If you’ve shopped for a laptop, speaker or really any tech product recently, you may have come across the term “post-consumer recycled” or PCR.
Keep reading to learn everything you need to know about PCR materials, including what they are and how they contribute to many brands’ sustainability efforts.
Post-consumer recycled or PCR materials are materials salvaged from products that would otherwise have ended up in landfills. This can include the plastic from plastic bottles, the cardboard from cardboard boxes and packaging and the aluminium from drink cans.
These materials are collected and taken to recycling centres where they’re melted down and transformed into materials that can be then used again in new products, thus extending their life span.
Not only does this process help to keep plastic, cardboard and aluminium out of landfills for longer, but it also reduces the need for new materials to be produced which can have a harmful effect on the environment.
Post-consumer recycled materials fall under the umbrella category of recycled materials alongside pre-consumer recycled materials, which come from offcuts saved during the production of a different product, and post-industrial recycled (PIR) materials.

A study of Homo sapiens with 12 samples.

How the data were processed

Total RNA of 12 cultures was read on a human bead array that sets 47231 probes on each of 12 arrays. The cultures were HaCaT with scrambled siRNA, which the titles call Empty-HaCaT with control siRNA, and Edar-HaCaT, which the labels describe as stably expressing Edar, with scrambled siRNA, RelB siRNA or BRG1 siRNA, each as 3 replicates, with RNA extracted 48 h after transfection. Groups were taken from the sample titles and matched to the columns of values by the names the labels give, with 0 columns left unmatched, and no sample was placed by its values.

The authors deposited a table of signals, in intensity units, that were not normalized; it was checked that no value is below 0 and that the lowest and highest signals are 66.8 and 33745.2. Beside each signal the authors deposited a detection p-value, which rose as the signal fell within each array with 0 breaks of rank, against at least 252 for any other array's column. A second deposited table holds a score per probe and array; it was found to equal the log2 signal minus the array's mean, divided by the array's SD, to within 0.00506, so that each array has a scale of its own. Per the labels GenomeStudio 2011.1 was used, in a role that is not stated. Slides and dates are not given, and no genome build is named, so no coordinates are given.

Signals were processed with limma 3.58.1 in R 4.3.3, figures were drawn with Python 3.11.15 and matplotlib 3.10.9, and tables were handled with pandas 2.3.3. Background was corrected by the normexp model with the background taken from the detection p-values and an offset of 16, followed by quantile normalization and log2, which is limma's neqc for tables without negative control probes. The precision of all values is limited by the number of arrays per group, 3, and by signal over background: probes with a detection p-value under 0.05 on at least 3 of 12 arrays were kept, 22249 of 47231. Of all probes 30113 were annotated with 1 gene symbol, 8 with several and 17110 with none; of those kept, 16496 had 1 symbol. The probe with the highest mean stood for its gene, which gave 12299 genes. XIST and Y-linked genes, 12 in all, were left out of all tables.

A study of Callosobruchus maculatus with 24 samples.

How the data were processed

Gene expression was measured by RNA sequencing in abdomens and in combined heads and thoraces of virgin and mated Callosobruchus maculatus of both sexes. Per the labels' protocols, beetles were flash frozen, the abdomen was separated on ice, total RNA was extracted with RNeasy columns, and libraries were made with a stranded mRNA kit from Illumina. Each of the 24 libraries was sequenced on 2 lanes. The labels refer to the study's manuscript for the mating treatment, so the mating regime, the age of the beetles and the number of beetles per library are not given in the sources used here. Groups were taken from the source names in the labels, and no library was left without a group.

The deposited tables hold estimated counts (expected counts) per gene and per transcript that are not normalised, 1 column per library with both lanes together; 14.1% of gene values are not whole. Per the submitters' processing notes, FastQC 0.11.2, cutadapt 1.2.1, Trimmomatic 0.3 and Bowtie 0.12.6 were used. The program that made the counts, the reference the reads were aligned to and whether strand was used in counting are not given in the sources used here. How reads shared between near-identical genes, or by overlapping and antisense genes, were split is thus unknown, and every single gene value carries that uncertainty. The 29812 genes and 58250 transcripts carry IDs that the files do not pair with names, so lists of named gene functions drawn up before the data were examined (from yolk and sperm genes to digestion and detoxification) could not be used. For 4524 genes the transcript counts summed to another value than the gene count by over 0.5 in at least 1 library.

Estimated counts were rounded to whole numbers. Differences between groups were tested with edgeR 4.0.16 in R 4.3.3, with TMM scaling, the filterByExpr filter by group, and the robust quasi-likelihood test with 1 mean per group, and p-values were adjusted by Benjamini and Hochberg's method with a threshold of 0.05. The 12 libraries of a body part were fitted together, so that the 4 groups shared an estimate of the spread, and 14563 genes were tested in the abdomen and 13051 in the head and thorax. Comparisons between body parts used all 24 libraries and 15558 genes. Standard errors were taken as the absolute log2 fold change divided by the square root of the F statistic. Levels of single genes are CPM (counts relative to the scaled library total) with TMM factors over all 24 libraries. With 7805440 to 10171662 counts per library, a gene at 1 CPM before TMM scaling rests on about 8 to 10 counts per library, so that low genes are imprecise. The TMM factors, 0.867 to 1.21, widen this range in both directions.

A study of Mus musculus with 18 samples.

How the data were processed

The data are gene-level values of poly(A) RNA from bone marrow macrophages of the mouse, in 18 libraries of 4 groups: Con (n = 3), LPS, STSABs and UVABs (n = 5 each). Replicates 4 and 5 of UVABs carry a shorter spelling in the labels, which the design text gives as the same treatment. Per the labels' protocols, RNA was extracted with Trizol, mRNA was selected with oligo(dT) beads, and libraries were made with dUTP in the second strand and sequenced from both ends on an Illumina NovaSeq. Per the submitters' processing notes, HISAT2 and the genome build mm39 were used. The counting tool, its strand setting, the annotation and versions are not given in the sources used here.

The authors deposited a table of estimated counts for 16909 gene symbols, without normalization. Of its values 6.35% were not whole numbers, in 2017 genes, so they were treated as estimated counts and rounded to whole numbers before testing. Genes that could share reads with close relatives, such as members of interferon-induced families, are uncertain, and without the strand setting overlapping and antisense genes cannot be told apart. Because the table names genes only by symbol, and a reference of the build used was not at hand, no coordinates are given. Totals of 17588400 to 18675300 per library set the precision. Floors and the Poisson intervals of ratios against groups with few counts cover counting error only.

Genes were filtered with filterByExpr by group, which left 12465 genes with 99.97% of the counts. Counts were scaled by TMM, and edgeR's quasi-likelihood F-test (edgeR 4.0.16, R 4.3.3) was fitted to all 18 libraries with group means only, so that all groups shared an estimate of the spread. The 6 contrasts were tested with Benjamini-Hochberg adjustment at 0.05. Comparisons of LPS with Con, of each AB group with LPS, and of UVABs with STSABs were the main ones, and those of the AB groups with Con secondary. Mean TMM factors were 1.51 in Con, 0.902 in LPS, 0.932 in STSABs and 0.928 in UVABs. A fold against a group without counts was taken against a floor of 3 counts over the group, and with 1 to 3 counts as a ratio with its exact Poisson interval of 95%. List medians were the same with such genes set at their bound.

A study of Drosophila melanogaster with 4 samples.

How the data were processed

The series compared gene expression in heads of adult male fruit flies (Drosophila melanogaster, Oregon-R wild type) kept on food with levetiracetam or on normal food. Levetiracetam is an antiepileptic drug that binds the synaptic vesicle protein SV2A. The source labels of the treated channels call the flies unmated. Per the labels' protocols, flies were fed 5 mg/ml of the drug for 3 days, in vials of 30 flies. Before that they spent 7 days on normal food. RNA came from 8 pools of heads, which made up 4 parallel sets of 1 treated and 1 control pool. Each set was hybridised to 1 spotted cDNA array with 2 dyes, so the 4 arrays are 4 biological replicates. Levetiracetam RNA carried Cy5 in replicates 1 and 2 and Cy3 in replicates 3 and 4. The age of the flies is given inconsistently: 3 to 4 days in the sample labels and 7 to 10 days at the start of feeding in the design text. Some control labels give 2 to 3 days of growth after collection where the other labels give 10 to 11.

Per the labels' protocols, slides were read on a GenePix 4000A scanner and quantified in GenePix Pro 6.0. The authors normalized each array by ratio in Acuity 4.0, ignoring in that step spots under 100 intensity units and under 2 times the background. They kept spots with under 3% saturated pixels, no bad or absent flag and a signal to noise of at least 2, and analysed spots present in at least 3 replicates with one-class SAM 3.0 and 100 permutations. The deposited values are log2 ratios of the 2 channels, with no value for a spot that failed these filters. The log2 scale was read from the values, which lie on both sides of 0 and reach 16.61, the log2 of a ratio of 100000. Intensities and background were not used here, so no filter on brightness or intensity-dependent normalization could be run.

Unfortunately, PCR materials cannot be recycled indefinitely as, over time, the materials will degrade in quality. This happens gradually during each recycling process. That said, the fact these materials can be reused multiple times means that PCR still has its advantages over single-use plastic and other solutions.
In recent years, quite a few tech companies have begun incorporating PCR materials when building new products as part of their sustainability efforts.
Acer’s Aspire Vero, for example, has a unique green and blue speckled look thanks to the inclusion of PCR plastics in the shell of the laptop. Not only that, but the company has since expanded the Vero line to include projectors, desktop PCs, mice and monitors – all made partially with PCR materials.
PCR plastics can also be found in the keycaps and speakers of the Asus Zenbook S 13 OLED and the woven Rewind fabric used throughout House of Marley’s headphones and speakers, including the Get Together 2.